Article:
Parliament Thursday moved a step closer to completing the oil law chain to govern the country's nascent oil and gas sector by passing a bill to regulate midstream operations.
The Petroleum (Refining, Conversion, Transmission and Midstream Storage) Bill, 2012 covers a whole range of issues pertaining to midstream operation in order to provide sufficient checks and balances and mitigate abuse of office and corruption.
The bill defines the powers of the sector minister and also compliance with environmental principles in an attempt to protect the environment from irreparable damage due to careless waste disposal.
Just like in the Petroleum (Exploration, Production and Development) Bill, 2012, the bill bestows upon the sector minister sweeping powers, including granting, suspending and revoking of licenses, besides initiating, developing and implementing policy concerning midstream operations.
Related to environmental protection from pollution, the bill deals extensively with disposal of decommissioned facilities like oil refineries and provides for deterrent penalties for things like oil spills.
The bill also delineates the functions of the Petroleum Authority and creation of a National Oil Company as is the case with other oil producing countries around the globe.
Because of the stiff competition between oil companies, the bill prohibits disclosure of information obtained while in employment of the sector ten years after leaving employment.
However, MPs sparred over a clause giving investors who build oil refineries 20 years to recoup their investments.
MPs Robert Ssebunya and James Kakoza said the 20 years was a fair time lag since investment in oil refineries is capital intensive, while Alice Alaso, Theodore Ssekikubo and Francis Epetaiti pushed for a scaling down of the years to 15.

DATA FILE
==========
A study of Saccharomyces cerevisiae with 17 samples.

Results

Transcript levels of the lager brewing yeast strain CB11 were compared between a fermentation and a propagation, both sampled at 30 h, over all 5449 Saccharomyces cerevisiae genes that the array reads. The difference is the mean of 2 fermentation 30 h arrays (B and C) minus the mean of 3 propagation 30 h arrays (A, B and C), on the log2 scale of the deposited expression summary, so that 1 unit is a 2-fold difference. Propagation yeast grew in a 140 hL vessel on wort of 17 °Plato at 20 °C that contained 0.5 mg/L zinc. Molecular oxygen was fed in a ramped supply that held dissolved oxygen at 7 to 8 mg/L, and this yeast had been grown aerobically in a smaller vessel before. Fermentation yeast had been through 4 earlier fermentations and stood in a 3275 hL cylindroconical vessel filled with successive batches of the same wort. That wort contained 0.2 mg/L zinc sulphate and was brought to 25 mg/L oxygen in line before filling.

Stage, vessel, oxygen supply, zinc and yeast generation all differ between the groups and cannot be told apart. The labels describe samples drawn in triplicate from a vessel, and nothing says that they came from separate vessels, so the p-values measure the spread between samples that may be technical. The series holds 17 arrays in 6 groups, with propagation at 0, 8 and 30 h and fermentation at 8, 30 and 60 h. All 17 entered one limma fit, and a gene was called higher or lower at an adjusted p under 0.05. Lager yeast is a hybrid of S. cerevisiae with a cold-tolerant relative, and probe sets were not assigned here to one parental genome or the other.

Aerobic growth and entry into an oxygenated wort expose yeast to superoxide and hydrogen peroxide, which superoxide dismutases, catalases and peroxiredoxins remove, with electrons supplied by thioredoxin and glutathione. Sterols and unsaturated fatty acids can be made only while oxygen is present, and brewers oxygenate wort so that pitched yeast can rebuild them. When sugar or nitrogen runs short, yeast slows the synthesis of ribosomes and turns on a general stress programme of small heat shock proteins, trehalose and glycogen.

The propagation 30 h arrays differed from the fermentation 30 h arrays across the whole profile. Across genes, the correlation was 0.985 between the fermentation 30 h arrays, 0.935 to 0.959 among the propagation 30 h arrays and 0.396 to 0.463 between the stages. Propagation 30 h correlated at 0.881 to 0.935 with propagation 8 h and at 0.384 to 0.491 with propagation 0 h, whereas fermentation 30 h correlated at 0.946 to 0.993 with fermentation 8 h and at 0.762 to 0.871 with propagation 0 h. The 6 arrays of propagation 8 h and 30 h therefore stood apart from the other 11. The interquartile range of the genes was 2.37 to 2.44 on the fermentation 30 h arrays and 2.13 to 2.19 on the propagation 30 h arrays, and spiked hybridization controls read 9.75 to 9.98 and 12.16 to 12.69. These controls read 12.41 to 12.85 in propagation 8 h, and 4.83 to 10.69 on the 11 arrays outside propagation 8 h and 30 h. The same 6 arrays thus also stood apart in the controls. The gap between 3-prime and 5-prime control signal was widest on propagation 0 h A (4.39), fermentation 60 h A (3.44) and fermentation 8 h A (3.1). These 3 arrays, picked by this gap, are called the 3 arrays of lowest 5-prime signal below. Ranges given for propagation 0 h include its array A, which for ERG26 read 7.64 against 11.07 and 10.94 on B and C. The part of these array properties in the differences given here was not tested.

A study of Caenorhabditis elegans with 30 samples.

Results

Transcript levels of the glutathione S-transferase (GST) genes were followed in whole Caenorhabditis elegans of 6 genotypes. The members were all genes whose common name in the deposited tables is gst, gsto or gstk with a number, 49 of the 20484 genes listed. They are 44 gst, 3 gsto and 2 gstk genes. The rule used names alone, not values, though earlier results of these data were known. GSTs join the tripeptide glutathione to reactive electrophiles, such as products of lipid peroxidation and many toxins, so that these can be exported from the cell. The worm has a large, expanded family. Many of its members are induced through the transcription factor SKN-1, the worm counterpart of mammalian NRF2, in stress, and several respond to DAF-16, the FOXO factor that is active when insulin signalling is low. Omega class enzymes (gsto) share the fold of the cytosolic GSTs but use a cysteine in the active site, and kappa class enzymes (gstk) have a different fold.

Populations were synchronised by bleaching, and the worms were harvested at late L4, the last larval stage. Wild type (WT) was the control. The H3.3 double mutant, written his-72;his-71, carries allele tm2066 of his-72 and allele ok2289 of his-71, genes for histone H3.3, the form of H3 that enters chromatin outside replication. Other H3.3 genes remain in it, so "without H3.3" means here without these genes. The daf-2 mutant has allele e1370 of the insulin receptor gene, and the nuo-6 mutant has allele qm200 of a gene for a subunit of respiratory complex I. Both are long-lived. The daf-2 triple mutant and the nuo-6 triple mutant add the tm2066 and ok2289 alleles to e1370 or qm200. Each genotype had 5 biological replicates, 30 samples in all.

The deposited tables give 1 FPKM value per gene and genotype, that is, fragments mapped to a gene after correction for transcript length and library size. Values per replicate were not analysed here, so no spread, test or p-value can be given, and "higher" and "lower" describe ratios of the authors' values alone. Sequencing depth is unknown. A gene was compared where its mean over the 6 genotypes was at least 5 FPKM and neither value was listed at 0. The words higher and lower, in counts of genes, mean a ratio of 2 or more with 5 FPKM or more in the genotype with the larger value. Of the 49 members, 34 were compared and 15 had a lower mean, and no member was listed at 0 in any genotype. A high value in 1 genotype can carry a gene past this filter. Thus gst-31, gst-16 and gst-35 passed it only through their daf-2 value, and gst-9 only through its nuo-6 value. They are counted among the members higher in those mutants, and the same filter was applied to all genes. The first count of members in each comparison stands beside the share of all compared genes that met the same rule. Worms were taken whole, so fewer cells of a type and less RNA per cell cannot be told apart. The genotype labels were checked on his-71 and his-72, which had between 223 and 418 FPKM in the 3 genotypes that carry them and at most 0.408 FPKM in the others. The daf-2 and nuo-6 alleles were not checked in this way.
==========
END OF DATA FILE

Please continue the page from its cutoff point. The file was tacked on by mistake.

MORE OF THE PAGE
"A child born today will go to school, graduate, get a job in the oil sector when the same investor is still recouping his investment. This tantamount to mortgaging the sector," Alaso said.
However, Minister of Energy, Irene Muloni, defended the 20 year time lag saying oil refinery facilities would be obsolete and therefore a financial burden to the government to take over, after expiry of a 20 year lease.
MPs had also stood over a clause providing for affirmative action in service delivery in the oil sector, until what constituted a Ugandan company was properly defined.
The clause which seeks to ensure that indigenous business people are not edged out of the lucrative sector mandates foreign companies to provide services in the sector after entering into joint ventures with local companies.
The oil legislative framework will be completed by the mooted Public Finance Bill which seeks to provide for the regulation of the management of revenues accruing from the industry.
Uganda has an estimated 3.5 billion barrels of crude oil of which an estimated 40% of this will be extracted in a period of 30 years.
Experts have predicted that oil is poised to double government revenue from USD$2.261 ounce full production gets underway.